Publisher: Philomel / Speak
Published: February 2013 / March 2014
Genre: young adult, historical fiction
It’s 1950, and as the French Quarter of New Orleans simmers with secrets, seventeen-year-old Josie Moraine is silently stirring a pot of her own. Known among locals as the daughter of a brothel prostitute, Josie wants more out of life than the Big Easy has to offer. She devises a plan get out, but a mysterious death in the Quarter leaves Josie tangled in an investigation that will challenge her allegiance to her mother, her conscience, and Willie Woodley, the brusque madam on Conti Street.
Josie is caught between the dream of an elite college and a clandestine underworld. New Orleans lures her in her quest for truth, dangling temptation at every turn, and escalating to the ultimate test.
Josie Moraine is the estranged daughter of a brothel prostitute. Working both as a cleaning lady in Willie’s house — the madam who is more of a mother than Josie’s own — and bookseller at a declining author’s bookshop, she has big plans for her future that involves getting out of New Orleans and starting life fresh in college. But everything changes when a kind, handsome man from Memphis purchases two books at the shop, and is found dead at a gambling table later that night near Josie’s mother. Josie’s race to start a new life in Boston escalates as she searches for the truth of what really happened that day in the Big Easy.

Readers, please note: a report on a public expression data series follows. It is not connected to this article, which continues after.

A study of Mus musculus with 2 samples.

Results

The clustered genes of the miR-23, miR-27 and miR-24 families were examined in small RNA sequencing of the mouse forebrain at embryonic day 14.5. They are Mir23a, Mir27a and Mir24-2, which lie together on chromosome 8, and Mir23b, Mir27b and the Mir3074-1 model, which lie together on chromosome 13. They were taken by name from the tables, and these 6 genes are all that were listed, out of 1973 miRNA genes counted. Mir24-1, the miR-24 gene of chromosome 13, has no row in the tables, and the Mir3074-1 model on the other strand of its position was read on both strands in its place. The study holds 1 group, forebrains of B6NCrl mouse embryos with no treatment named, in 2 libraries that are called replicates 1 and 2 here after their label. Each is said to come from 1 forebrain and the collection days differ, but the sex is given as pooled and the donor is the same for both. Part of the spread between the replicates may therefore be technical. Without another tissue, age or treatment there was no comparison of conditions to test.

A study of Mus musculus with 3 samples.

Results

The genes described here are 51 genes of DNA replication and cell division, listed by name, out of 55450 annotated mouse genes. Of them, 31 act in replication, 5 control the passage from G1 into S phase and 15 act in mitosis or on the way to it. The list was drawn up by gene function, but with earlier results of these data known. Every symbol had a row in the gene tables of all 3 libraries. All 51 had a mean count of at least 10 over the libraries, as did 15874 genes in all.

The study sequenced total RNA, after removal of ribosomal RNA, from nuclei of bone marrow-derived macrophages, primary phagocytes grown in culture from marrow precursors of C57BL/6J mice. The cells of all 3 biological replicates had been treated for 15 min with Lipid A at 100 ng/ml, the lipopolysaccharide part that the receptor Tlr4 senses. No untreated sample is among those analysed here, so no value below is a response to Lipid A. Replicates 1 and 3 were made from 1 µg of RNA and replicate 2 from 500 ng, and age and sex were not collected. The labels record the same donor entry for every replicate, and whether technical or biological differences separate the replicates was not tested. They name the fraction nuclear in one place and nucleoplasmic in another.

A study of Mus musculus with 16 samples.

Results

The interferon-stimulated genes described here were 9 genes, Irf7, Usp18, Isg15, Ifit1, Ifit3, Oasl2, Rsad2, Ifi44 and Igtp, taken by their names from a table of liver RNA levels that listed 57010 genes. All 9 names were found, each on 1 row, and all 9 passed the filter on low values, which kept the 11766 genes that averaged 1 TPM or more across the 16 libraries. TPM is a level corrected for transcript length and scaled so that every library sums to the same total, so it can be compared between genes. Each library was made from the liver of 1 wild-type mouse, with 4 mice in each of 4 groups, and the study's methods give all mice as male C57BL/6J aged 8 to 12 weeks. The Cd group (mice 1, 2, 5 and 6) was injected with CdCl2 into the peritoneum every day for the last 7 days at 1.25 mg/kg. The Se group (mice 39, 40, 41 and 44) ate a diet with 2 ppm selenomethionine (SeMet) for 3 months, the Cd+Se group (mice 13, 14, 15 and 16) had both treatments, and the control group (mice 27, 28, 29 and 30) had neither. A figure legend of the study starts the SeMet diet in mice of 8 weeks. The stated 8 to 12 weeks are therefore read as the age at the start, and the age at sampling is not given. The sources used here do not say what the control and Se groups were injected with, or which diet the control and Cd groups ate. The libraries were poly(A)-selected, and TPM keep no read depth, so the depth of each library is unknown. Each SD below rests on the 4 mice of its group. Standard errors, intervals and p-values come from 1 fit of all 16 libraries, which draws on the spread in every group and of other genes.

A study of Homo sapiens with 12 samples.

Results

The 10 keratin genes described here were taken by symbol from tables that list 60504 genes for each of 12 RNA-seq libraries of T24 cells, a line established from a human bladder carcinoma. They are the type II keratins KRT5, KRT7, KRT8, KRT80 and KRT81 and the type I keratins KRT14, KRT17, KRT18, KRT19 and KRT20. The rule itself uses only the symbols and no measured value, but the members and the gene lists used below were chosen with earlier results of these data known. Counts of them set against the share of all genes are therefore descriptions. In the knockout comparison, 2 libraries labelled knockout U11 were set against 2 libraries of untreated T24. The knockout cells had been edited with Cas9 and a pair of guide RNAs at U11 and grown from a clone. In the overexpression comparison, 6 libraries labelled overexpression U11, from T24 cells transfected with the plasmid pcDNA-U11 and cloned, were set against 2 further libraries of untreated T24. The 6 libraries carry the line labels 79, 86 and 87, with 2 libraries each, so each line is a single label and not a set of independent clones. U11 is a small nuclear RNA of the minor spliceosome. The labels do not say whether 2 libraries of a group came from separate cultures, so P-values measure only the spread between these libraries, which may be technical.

I adored Between Shades of Gray — stark writing and all — because it opened my eyes and, most importantly, gave me the biggest book hangover. But Out of the Easy showcases Sepetys’s storytelling to a whole new level. Her voice is there, but the writing style was different. Exposing that flexibility in storytelling has solidified her to becoming one of my insta-buy authors. Looking forward to her next book, Salt to the Sea!
This wasn’t so much a mystery or a thriller as it was historical and steeped in culture. It’s obvious how everything ties together — everyone and Josie knows it — but the undercurrent issues of the novel culminate to quite the climactic end. Josie wants to go to college, but then she meets a sincere and friendly Uptown rich girl, Charlotte, who suggests Josie apply to Smith College in Massachusetts. Now Josie has a specific goal, but it feels unattainable because of her terribly small financial situation. This seems like a universal issue for college hopefuls, right? Well, toss in the fact her mother’s a prostitute who’s run off with a mob man, her closest and most helpful friends are also part of the brothel business in some capacity, and the only way men can take her seriously is if she takes off her clothes or points a gun.
The underbelly of New Orleans was a fascinating setting, with a host of colorful characters and unique moral structure. Josie is an average girl in a rough place, and experiencing these heart-pounding situations with her was quite the ride.